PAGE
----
WITH the Lima Plan — under whose auspices Zimbabwe was pursuing its international re-engagement strategy — facing serious headwinds and virtually stalled, the main question is: What are is option?
Two years ago, government came up with the Lima debt and arrears strategy to repay US$1,8 billion owed to the World Bank, African Development Bank and the International Monetary Fund to secure new funding. This week, in our early pages, we reported that despite coming up with ambitious timelines that have repeatedly been missed, Zimbabwe’s re-engagement process has all but faltered.
The programme is now facing obstacles from usurious interest rates, costly mortgaging of mineral resources, absence of a sustainable economic recovery programme and lack of political will to implement structural reforms. Reserve Bank of Zimbabwe governor John Mangudya recently announced that the debt-ridden country had secured funding to settle World Bank arrears, but nothing has happened since.
Mangudya this week emphasised to us that while government remains still committed to the Lima plan, many obstacles have to be overcome before creditors could accept money at high interest rates and from questionable sources to help out Zimbabwe.
“Funding has been arranged and that payment would be done in synchrony with the implementation of the structural economic reforms that include enhancing investor trust and confidence, state owned enterprises transformation, ease and cost of doing business and fiscal consolidation. This situation hasn’t changed,” Mangudya said yesterday.
Zimbabwe is at a watershed, faced with its most serious economic crisis since 2008. Low productivity and stagnation, exacerbated by low commodity prices, weak regional currencies and a liquidity and cash crunch, in the context of a legacy of policy failures and a context of political instability over President Robert Mugabe’s succession, risk forcing Zimbabwe to slide back to economic chaos and repression.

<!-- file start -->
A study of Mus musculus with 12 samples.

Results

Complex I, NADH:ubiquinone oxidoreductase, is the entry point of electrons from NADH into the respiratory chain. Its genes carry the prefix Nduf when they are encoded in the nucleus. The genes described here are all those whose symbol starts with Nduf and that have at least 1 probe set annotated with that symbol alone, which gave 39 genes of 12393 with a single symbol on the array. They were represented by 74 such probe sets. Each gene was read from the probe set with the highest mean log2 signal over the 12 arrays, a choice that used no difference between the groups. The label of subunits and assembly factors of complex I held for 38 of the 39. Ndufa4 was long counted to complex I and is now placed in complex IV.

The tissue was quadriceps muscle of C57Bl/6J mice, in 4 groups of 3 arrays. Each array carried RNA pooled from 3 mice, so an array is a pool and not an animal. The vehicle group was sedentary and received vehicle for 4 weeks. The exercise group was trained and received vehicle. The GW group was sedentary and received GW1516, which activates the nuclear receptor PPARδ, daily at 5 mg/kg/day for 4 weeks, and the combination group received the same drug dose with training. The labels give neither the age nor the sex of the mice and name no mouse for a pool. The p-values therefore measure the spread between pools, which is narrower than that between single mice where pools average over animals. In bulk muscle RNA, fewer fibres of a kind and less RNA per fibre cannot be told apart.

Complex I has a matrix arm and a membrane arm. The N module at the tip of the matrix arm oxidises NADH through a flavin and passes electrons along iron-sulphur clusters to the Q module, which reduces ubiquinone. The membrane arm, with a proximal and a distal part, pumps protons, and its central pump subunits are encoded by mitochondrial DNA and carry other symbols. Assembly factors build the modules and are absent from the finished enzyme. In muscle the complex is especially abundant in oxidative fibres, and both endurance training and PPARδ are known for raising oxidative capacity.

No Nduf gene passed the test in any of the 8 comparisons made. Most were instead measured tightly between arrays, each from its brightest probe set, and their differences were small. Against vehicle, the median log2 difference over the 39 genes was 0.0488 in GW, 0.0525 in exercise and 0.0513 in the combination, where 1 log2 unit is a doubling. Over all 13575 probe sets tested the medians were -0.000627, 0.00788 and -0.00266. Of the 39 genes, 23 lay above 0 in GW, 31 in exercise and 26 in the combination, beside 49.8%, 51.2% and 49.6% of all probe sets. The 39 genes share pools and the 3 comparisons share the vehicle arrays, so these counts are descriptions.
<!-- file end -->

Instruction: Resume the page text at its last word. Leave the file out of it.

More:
The gravity of the economic situation forced the Zimbabwean government into a process of re-engagement with the international community. Re-engagement was primarily aimed at attracting new investment and funding to ease the liquidity crisis and fiscal deficit. Improving the business climate and intensified re-engagement of the international financial institutions became critical.
In July the International Monetary Fund (IMF) team which had concluded Article IV consultations on Zimbabwe unequivocally said more work should be done. “The re-engagement process is facing severe headwinds,” IMF said in its recent report on Zimbabwe.
However, while there has been some progress in economic reform, not much has been done in other areas. There is no new and viable economic programme. International engagement does not guarantee the success of long-term reform, but continued isolation will almost certainly lead to irreparable damage. A nuanced process of exerting political pressure balanced with the offer of support has failed. Things are now complicated by the upcoming general elections. Mugabe and his government are unwilling to reform ahead of the polls and that will kill off the process. If the Lima plan fails, what is the option for Zimbabwe?